This collection is organized into five series. Selected material cataloged; remainder arranged.
Correspondence, manuscripts, photographs, subject files and printed material of Vladimir M. Zenzinov (1880-1953), writer, member of the Socialist Revolutionary Party and émigré activist first in France and, after 1940, in the United States. The correspondence, primarily from the 1940s and early 1950s, is both personal and official, including letters addressed to Zenzinov as representative of the Liga borʹby za narodnui︠u︡ svobodu (The League of the Struggle for National Freedom) and as a member of the editorial staff of Za Svobodu. There are letters from each of the following correspondents: Nina Berberova, Ivan Bunin, Viktor Chernov, Mstislav Dobuzhinskii, Iurii Ivask, Aleksandr Kerenskii, Vladimir Nabokov, Gleb Struve, Aleksandra Tolstaia, Iakov Tsvihak, George Vernadsky, and Edmund Wilson. There are also several folders containing correspondence related to a specific event, particularly letters to and from Red Army soldiers found on the Finnish battlefield during the Russo-Finnish War ("Pis'ma v deistvuiushchuiu Krasniu Armiiu").
The manuscripts consist primarily of works by Zenzinov, including drafts of memoirs and monographs on the February revolution, Ivan Bunin, and the 1939-1940 Russo-Finnish War. Also included are manuscripts by other authors (Viktor Chernov, Zinaida Gippius, Vladimir Nabokov) and a large volume of miscellaneous notes by Zenzinov himself. The photographs are primarily of friends and relatives, including many of Amalia and Il'ia Fondaminskii. There are also photographs of Finland during the Russo-Finnish War and of Siberia in 1913. The subject files include extensive materials on Russian Displaced Persons after World War II, the Literaturnyi Fond (Literary Fund), the Socialist Revolutionary Party and the journal Za Svobodu. The printed material consists chiefly of miscellaneous clippings as well as of clippings of Zenzinov's published works.
Using the Collection
Rare Book and Manuscript Library
Restrictions on Access
This collection is located on-site.
Identification of specific item; Date (if known); Vladimir Mikhailovich Zenzinov Papers; Box and Folder (if known); Bakhmeteff Archive, Rare Book and Manuscript Library, Columbia University Libraries.
Socialist Revolutionary Party records: A small group of records of Zenzinov's political party, including correspondence from Zenzinov.
Vladimir Zenzinov Papers: Another, smaller group of Zenzinov's personal papers. At the Amherst Center for Russian Culture, Amherst, Massachusetts.
About the Finding Aid / Processing Information
Columbia University Libraries, Rare Book and Manuscript Library
Papers Accessioned 1953.
Papers Accessioned 1953.
Papers Processed 06/--/82.
The collection was intellectually arranged into five series at the same time that the finding aid was converted to EAD. No materials were physically moved. The biographical note was also expanded, and related materials notes were added.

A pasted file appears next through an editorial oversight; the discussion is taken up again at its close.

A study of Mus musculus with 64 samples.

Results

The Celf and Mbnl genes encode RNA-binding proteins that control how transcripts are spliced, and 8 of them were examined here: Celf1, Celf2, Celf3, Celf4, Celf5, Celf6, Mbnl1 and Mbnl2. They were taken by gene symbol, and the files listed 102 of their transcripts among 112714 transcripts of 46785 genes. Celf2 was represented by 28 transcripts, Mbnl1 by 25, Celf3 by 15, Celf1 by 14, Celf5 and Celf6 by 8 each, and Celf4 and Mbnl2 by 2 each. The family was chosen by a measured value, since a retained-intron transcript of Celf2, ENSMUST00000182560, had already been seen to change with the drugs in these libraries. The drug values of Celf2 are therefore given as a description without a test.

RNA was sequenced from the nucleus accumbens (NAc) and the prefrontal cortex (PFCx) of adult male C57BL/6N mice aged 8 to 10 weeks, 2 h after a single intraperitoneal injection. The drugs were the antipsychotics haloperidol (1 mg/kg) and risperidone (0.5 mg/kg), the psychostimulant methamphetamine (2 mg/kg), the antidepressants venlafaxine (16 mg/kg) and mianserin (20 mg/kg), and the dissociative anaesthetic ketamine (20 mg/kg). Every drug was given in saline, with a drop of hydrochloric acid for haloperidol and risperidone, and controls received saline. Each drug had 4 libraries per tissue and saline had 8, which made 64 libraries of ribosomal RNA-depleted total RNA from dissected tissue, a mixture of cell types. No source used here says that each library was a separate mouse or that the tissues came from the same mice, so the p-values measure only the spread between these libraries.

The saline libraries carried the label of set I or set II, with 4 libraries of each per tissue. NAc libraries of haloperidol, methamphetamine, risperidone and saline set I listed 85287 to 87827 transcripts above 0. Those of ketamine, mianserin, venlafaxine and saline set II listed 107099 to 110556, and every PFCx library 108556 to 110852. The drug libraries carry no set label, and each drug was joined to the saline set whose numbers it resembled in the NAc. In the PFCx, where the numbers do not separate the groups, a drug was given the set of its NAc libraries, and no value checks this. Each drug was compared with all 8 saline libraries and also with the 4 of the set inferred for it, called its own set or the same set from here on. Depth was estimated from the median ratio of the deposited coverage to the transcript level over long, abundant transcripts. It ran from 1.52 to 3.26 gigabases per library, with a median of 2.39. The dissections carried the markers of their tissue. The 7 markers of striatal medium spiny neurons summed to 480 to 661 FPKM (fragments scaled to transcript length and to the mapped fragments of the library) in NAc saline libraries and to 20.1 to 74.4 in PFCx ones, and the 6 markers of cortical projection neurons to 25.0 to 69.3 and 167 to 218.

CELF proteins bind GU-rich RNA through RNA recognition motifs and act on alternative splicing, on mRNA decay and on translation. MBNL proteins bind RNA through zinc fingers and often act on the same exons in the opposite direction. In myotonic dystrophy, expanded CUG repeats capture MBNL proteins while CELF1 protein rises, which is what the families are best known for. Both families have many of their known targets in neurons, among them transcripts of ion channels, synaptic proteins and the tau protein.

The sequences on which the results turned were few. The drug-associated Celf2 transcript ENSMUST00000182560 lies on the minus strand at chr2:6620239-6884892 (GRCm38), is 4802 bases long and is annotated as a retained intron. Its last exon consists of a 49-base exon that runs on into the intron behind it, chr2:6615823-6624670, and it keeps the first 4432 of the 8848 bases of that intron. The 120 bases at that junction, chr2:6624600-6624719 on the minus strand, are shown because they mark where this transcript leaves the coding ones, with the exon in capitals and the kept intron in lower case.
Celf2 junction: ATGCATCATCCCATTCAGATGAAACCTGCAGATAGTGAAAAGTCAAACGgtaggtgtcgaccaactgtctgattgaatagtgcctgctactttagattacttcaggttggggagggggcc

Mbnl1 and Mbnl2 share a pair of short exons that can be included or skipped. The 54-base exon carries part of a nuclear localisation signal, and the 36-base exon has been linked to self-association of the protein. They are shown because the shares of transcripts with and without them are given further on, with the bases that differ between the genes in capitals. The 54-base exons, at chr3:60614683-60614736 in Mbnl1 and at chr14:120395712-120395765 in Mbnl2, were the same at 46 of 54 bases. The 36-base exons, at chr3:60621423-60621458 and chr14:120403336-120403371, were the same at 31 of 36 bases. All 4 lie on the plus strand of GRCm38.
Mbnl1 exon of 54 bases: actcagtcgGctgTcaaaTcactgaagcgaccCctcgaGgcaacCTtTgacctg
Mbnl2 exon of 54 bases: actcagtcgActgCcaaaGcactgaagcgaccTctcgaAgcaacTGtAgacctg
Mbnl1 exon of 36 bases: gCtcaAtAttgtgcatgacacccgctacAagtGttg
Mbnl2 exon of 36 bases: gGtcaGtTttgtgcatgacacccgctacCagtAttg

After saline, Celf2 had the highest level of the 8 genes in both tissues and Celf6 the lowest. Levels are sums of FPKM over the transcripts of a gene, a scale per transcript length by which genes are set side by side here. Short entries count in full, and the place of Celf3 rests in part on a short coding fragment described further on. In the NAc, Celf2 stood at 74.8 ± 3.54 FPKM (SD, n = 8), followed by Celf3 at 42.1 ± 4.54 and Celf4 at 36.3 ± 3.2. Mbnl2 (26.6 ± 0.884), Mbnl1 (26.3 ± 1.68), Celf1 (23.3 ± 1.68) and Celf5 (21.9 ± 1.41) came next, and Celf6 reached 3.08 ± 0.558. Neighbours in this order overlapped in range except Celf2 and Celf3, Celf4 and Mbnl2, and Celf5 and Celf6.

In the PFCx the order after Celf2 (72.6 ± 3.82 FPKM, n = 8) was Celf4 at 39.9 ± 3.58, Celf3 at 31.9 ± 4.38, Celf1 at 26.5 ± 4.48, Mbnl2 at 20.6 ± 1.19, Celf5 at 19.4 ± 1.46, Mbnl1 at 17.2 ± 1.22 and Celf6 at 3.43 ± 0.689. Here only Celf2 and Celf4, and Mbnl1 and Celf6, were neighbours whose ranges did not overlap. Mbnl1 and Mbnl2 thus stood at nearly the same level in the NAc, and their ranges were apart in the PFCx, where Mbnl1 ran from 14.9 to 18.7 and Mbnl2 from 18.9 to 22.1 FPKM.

2020-04-17 PDF finding aid converted to EAD and biographical note revised by CLB and KSD.
History / Biographical Note
Vladimir Mikhailovich Zenzinov (1880-1953) was a writer, member of the Russian Socialist Revolutionary Party, and émigré socialist activist first in France and, after 1940, in the United States.
Born in Moscow in 1880, the son of a merchant, Zenzinov was educated in universities in Berlin, Halle, and Heidelberg. He joined the Socialist Revolutionary Party during his years in Germany, 1899-1904. He was arrested in Moscow at the beginning of the 1905 revolution and sentenced to five years in Siberia. However, because Siberia was unreachable as a result of the Russo-Japanese War, Arkhangelsk was substituted. Zenzinov escaped immediately upon his arrival in Arkhangelsk, traveling to Geneva, Switzerland before returning to St. Petersburg in 1906.
Zenzinov was arrested and banished to Siberia again in 1906. He escaped again in 1907, traveling around Asia by ship before returning to Russia. Upon his third arrest in 1910, he was sent to the far north of the Yakustk region of Siberia. Unable to escape from this remote location, he instead spent the next five years engaged in anthropological and ornithological studies of the area. Zenzinov published the results of these studies in several works in Russian, French, and English over the next two decades.
Zenzinov returned to Moscow in 1915. He lived in St. Petersburg from 1917 to 1918, participated in the February Revolution, was elected to the Constituent Assembly, and was briefly a director of the Provisional Government. He was arrested for the last time in the military coup of November 1918. Exiled to China, he departed for Europe via the United States.
This time Zenzinov remained abroad. He lived in Paris and Prague, settled in Berlin until Hitler's rise to power in 1933, and then returned to Paris. He published several books during these decades and wrote for a variety of socialist newspapers and journals. These publications included "Za Svobodu," "Volya Rossiya," "Golos Rossii," "Dni," "Novaya Rossiya," and "Sovremennye Zapiski."
Zenzinov traveled to Finland at the outbreak of World War II and witnessed the Soviet invasion in November 1939. He then moved to New York City. He wrote a book on the Soviet Union, "Vstrecha s Rossiei" (1945), based on the material he had collected in Finland. He also completed his memoirs, "Perezhitoe." He died in New York on October 20, 1953.